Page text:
Colleague Dr Paul Thomas is known as the BBC’s Business Doctor. He has some unusual, almost radical, ideas about how to make the workplace a better place to be whilst at the same time making the workforce perform more effectively. This is a record of his time working with the waste management team at Blaenau Gwent Borough Council which was made into an hour long programme for the BBC.
These ideas can be applied to public or private sector organisations. If you would like to discuss how these ideas might be applied to your organisation then please get in touch.
Note: If you want to watch the video on the VEOH website or download the full length version then click on the VEOH logo in the bottom right hand corner of the player.
Today this article was published on the BBC website as David Cameron announced measures to tackle the so called ‘care problem’ within the NHS. Read the article here.
In short, Mr Cameron recommends that the public be encouraged to carry out inspections and nurses carry out regular ward inspections. There are a number of flaws in the logic here. First of all those urged to carry out inspections will already be doing so. The public will be looking because they are concerned about the environment that they and their relatives find themselves. Nurses will be looking anyway because it is part of their job. Nurses, however, are busy and will not be quite so vigilant. If they are to me more vigilant then which aspects of their job does Mr Cameron suggest they give up?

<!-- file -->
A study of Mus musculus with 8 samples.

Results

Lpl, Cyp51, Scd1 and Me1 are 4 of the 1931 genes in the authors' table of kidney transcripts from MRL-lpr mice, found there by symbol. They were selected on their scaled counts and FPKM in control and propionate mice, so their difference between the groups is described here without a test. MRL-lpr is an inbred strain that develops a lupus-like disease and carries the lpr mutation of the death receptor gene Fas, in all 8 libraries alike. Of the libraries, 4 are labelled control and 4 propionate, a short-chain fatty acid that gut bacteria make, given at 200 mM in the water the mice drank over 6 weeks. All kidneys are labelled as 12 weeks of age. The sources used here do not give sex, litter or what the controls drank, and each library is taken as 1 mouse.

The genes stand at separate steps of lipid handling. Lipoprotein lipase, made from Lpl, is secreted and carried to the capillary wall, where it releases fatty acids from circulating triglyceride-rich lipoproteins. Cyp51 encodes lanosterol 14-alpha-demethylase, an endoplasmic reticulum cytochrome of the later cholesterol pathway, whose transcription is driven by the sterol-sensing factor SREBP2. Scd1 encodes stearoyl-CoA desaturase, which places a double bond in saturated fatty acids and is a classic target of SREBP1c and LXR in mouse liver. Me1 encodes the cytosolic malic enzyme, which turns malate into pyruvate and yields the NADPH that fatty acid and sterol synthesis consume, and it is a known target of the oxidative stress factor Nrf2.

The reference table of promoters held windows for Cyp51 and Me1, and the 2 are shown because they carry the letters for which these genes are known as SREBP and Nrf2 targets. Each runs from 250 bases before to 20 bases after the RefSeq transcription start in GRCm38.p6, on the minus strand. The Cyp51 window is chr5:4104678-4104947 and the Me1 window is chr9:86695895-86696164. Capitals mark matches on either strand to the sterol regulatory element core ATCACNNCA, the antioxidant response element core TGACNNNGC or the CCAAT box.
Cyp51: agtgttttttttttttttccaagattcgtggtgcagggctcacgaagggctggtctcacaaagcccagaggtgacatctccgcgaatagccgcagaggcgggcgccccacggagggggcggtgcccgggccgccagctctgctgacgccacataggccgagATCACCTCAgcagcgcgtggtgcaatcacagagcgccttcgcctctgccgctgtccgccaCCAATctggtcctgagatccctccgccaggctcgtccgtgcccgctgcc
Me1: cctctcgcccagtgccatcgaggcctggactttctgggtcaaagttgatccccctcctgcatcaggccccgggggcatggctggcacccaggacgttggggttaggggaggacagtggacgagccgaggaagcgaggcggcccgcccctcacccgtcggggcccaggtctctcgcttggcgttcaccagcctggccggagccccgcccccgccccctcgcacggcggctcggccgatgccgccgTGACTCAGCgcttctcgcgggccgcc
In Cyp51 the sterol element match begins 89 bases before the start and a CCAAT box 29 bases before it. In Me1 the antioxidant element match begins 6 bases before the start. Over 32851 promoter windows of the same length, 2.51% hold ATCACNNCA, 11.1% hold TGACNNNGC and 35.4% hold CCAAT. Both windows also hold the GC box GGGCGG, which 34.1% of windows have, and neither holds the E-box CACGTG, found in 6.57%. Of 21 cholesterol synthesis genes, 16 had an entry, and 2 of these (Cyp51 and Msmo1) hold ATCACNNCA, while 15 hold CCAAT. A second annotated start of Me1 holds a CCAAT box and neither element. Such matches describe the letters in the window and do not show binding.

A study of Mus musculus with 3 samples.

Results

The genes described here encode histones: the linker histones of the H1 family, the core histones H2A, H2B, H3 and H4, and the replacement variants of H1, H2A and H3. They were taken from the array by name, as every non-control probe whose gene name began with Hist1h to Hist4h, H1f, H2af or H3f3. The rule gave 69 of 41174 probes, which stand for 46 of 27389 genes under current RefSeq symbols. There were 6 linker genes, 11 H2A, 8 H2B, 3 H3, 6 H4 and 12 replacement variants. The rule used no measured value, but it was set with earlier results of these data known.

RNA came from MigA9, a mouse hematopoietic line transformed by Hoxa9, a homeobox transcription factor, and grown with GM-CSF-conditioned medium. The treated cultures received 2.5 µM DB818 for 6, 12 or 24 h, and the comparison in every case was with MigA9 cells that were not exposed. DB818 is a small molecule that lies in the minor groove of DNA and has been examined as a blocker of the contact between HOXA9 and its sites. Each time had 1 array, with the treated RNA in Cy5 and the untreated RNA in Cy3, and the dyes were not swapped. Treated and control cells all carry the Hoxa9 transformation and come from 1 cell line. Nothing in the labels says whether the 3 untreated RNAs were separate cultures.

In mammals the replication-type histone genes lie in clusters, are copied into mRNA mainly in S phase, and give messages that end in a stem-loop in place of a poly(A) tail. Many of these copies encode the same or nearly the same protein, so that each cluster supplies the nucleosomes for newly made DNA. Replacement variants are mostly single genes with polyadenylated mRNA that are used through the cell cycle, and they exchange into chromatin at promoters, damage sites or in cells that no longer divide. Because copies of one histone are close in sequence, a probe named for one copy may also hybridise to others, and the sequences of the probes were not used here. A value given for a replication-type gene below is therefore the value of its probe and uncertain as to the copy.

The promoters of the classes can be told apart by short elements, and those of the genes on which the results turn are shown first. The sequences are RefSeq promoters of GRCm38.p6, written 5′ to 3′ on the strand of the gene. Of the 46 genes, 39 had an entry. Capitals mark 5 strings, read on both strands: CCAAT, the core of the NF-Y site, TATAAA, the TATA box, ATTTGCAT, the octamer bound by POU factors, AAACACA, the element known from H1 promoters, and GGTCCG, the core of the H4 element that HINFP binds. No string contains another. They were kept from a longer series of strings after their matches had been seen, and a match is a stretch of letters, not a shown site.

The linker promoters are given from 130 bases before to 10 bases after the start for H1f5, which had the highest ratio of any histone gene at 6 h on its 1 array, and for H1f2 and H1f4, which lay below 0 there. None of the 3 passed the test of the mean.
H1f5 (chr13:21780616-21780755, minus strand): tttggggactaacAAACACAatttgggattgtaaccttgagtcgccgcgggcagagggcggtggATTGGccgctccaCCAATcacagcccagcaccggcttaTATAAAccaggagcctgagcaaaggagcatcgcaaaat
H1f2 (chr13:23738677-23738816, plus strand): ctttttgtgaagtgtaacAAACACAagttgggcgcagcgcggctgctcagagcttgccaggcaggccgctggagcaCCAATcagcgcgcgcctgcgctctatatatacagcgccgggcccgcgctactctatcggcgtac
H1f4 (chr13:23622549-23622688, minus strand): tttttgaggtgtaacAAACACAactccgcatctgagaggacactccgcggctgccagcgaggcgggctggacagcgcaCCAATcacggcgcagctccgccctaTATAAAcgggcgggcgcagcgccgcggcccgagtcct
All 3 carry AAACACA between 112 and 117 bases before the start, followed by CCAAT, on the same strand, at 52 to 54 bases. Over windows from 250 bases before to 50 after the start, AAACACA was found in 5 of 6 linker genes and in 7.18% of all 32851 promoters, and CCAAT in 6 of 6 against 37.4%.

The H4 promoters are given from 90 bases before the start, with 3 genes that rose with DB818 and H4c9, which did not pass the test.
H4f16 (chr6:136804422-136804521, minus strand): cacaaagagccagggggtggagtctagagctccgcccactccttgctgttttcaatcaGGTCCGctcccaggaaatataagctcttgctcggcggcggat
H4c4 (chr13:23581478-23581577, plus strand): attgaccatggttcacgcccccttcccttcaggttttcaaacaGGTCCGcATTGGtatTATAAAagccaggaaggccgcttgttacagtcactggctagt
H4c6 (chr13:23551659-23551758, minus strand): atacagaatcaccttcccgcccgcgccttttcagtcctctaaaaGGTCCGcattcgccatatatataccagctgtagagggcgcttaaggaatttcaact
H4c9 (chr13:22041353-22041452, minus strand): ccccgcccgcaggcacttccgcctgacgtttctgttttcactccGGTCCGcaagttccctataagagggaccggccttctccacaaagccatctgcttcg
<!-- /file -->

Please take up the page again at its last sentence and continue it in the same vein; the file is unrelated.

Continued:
These are trivial issues. What is more important is the fact that Mr Cameron thinks that Quality can be inspected in to a system. This is an old fashioned argument that simply does not work. If you regularly inspect any system and you keep finding faults then you only have 2 options 1) Find the same fault again during your next inspection 2) spend a huge amount of time firefighting.
When Japanese products first became popular it was because of the high quality. When we in the west tried to emulate these methods we failed dismally. Why? It was because we inspected everything thoroughly and we did produce quality items. This was only because of the large number of defective items that we threw away. The cost was enormous.
So there are two main issues, poor quality costs, in terms of both money and health as far as the NHS is concerned. Also the fact that the more you monitor a system the more expensive it becomes to run.
The answer to all of this is simple. To make the NHS work better at a lower level simply change the system. Avoid high level edicts about how things should be done, just state what they targets are (infection rates, bed occupancy or whatever) and let the people who know, those on the front line such as nurses and junior doctors, fix the system with the excellent knowledge that they have.
Call this creativity or innovation within the NHS if you like but surely it is just plain common sense?